The Horror of the School Approved Snack

Published On  July 5, 2016 By

When I was a child, I was convinced that the only point to growing up was to eat whatever you wanted to eat. I was not even allowed to apply shampoo on my head (only home-made shikakai) because it’d have ‘chemicals’, so you can guess what I was allowed to put inside my mouth. The adult universe, in my imagination, was one that was filled with rows and rows of Maggi. Nobody would force me to eat spinach or Chyawanprash. Ever.

For a brief period, I lived this fantasy. I ate carcinogens and slow poisons whenever I wanted. Then my daughter was born and to my horror, I discovered that I was required to Set An Example. Babies are scary – they watch every move that you make with unblinking eyes. There’s nothing more terrifying to an adult than discovering that some foolish kid has put you on his/her pedestal. ‘I’m not that great! I’m just as clueless!’ you want to scream. It’s difficult enough to do this if the kid is not your own but pretty much impossible if she is.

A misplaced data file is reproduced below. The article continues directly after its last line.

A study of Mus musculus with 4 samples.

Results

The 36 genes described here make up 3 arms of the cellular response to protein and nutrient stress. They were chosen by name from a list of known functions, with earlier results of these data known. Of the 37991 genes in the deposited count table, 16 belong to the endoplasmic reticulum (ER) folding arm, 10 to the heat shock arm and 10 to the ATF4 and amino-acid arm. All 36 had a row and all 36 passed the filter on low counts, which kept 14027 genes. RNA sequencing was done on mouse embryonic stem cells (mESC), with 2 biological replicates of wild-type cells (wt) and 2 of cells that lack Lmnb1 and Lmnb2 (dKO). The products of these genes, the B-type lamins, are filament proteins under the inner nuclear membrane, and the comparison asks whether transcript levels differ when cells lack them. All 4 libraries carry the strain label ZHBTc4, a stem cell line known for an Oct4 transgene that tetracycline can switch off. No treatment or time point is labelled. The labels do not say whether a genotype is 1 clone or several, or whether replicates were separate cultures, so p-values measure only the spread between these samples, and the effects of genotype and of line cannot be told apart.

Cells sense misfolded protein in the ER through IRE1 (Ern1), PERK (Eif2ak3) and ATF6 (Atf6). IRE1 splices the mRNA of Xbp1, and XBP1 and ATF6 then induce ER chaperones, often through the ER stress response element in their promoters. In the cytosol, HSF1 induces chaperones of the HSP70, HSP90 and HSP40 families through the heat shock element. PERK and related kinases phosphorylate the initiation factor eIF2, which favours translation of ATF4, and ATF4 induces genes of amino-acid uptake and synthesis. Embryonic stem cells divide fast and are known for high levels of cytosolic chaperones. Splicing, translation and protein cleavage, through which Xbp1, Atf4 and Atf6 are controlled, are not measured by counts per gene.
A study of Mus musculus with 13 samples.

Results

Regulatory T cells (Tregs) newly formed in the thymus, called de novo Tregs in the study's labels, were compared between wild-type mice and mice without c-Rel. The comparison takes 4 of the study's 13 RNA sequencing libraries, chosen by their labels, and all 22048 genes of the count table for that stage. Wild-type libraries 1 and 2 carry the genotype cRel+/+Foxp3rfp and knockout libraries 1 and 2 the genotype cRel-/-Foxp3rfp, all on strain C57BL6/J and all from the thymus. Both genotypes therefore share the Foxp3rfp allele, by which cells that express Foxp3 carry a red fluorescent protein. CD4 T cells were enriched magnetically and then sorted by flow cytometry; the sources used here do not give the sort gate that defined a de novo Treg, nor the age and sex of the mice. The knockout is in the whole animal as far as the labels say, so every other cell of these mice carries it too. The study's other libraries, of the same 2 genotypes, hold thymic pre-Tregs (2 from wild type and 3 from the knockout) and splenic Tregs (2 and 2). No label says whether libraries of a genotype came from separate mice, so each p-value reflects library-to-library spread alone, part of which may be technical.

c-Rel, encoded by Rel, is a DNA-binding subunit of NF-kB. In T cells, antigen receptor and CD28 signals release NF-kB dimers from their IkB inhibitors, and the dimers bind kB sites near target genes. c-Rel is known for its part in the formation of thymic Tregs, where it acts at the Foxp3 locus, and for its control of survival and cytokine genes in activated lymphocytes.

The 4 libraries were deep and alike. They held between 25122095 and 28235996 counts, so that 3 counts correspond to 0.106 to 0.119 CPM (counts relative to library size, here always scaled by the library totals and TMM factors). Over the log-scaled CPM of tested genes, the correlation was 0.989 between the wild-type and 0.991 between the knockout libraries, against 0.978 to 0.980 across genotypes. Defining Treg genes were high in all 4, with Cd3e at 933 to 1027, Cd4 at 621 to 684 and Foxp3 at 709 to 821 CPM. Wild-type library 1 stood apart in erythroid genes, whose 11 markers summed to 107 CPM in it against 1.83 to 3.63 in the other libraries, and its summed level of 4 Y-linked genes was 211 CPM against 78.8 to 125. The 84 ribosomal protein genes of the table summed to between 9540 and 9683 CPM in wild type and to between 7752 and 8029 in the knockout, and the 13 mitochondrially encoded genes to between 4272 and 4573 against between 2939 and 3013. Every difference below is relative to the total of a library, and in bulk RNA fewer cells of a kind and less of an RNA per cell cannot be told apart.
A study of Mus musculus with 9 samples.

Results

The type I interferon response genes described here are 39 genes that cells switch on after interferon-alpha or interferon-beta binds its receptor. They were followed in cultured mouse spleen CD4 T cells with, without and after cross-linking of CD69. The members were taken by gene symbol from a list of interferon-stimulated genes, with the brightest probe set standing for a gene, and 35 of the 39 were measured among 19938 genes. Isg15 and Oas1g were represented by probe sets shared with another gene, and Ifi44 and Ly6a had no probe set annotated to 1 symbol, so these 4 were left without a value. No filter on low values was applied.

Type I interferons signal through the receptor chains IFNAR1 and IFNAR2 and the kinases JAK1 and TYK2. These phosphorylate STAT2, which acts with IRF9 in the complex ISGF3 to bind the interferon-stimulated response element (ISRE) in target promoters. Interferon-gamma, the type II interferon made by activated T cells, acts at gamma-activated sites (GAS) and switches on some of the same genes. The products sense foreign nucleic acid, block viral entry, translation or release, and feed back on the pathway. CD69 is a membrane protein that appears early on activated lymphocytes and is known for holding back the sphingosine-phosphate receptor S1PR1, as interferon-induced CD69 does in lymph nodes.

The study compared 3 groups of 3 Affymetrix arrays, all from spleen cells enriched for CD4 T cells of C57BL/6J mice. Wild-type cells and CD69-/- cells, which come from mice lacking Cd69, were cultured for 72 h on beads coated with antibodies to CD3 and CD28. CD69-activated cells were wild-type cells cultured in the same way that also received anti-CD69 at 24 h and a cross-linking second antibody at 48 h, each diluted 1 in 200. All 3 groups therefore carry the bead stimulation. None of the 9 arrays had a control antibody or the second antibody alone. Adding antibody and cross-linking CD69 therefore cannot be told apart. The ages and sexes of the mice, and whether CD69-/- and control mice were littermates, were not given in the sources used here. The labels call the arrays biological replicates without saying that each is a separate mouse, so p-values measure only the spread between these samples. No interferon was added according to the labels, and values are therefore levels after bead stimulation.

And so, my love for junk was forced into the closet. I had no problems uttering shameless lies like ‘Yes, Amma hated lollipop when Amma was a child.’ I thought I was doing pretty well on being a healthy, hypocritical parent till my daughter started school. I’d assumed that since I’d given birth to her, I’d be the imperial authority that decided what she ate but I couldn’t be more wrong.

Schools these days take food very seriously. In my days, no teacher ever peered into my tiffin box to see if I had brought something with white sugar, maida, or too much oil. Their reign was confined to marking my lab book as ‘shabby’. Sadly, Things are no longer so simple. You are supposed to pack only healthy snacks for your child. Even if you throw a tonne of vegetables into the readymade pasta (because you are in your deathbed), the stern teacher will call you out. And oh boy, nobody can shame you better than a disapproving teacher, whatever be your age.

It’s another matter that most children don’t want to eat their healthy snacks. So every morning, mummies and progressive daddies labour in the kitchen to make school approved snacks that the child will refuse to eat. Stuff with ragi, whole wheat and no sugar whatsoever. Then, of course, you are required to take pictures of the epicurean food and post it on social media so everyone knows what a Masterchef and conscientious parent you are. After this, you also have to make not-to-be-photographed food that the child will actually eat so the kid doesn’t pass out when it comes back home.

With so much pressure on our heads, it’s no wonder that despite the green tea and quinoa, more of us young parents are landing up at the hospital. Sigh. Think about it while I eat my vada pav…I mean, multigrain bread stuffed with tuber.